News Story

Nessel: AG opinion premature, but MiLEAP constitutional on its face

Facial review does not preclude future action, Nessel writes

Attorney General Dana Nessel on Monday said it was premature to issue a legal opinion on whether a second Michigan education department is constitutional. But based on what Nessel knows now, she said, the department is constitutional on its face.

“As a result” of the order not yet taking effect, “the only review that can be conducted is a facial one, and such a review leads to a clear answer as to the constitutionality of the (executive order),” Nessel wrote.

Executive Order 2023-6, issued by Gov. Gretchen Whitmer on July 11, takes effect Dec. 1.

Read it for yourself: Executive Order 2023-6 

Nessel’s Aug. 28 letter was written to State Superintendent Michael Rice, in response to Rice’s request for an opinion. State officials can request attorney general’s opinions and use those opinions as the basis for policy. For instance, the Michigan Treasury moved forward with a 4.25% tax rate for 2024, rather than the 4.05% tax rate of 2023, because an attorney general’s opinion said the tax cut was event-driven, not permanent.

In this case, Nessel wrote a letter, not a legal opinion.

Earlier this month, the State Board of Education asked Rice to seek an attorney general’s opinion on the legality of the Michigan Department of Lifelong Education, Advancement and Potential. Whitmer created the department by executive order. The state board and state superintendent then sought what they dubbed “constitutional clarity” from Nessel.

But Nessel said it was “premature” to offer an opinion.

Nessel’s letter does not preclude future action. But it would have to be based on actual events. Citing a 1999 case, Straus v. Governor of Michigan, Nessel wrote:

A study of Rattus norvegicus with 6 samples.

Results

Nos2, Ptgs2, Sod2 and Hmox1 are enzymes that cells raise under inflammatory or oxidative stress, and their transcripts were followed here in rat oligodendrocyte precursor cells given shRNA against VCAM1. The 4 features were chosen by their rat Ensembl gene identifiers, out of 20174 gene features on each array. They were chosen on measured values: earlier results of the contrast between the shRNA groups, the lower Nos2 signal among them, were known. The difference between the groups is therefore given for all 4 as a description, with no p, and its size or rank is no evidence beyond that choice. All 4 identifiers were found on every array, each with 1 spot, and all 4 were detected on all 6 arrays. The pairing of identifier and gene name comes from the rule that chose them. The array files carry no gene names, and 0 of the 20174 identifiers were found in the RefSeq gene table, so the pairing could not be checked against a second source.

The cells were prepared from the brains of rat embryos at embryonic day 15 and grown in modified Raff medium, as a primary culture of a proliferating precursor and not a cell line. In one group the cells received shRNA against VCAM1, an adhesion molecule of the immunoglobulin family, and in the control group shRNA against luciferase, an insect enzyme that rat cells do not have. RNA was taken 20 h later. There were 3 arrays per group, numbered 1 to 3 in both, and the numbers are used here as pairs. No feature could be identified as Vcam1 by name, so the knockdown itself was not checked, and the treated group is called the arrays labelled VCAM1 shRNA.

The standard for finding an executive order unconstitutional on its face is a high one. Specifically, an executive order is unconstitutional on its face only when “no set of circumstances exists under which the executive order would be valid. The fact that the executive order might operate unconstitutionally, under some conceivable set of circumstances is insufficient.”

That paragraph ends with Nessel citing Whitmer’s executive order. Nessel referenced the shared vision”of MiLEAP and the Michigan Department of Education.

In the order, Gov. Gretchen Whitmer affirms the constitutional authority of the state board and says MiLEAP does not diminish it.

Only after implementation, with facts and policies on the record, could Nessel issue an attorney general’s opinion, she said.

“It is at that point, where a specific set of facts exists, that an opinion may be appropriate,” Nessel wrote.

Michigan Capitol Confidential is the news source produced by the Mackinac Center for Public Policy. Michigan Capitol Confidential reports with a free-market news perspective.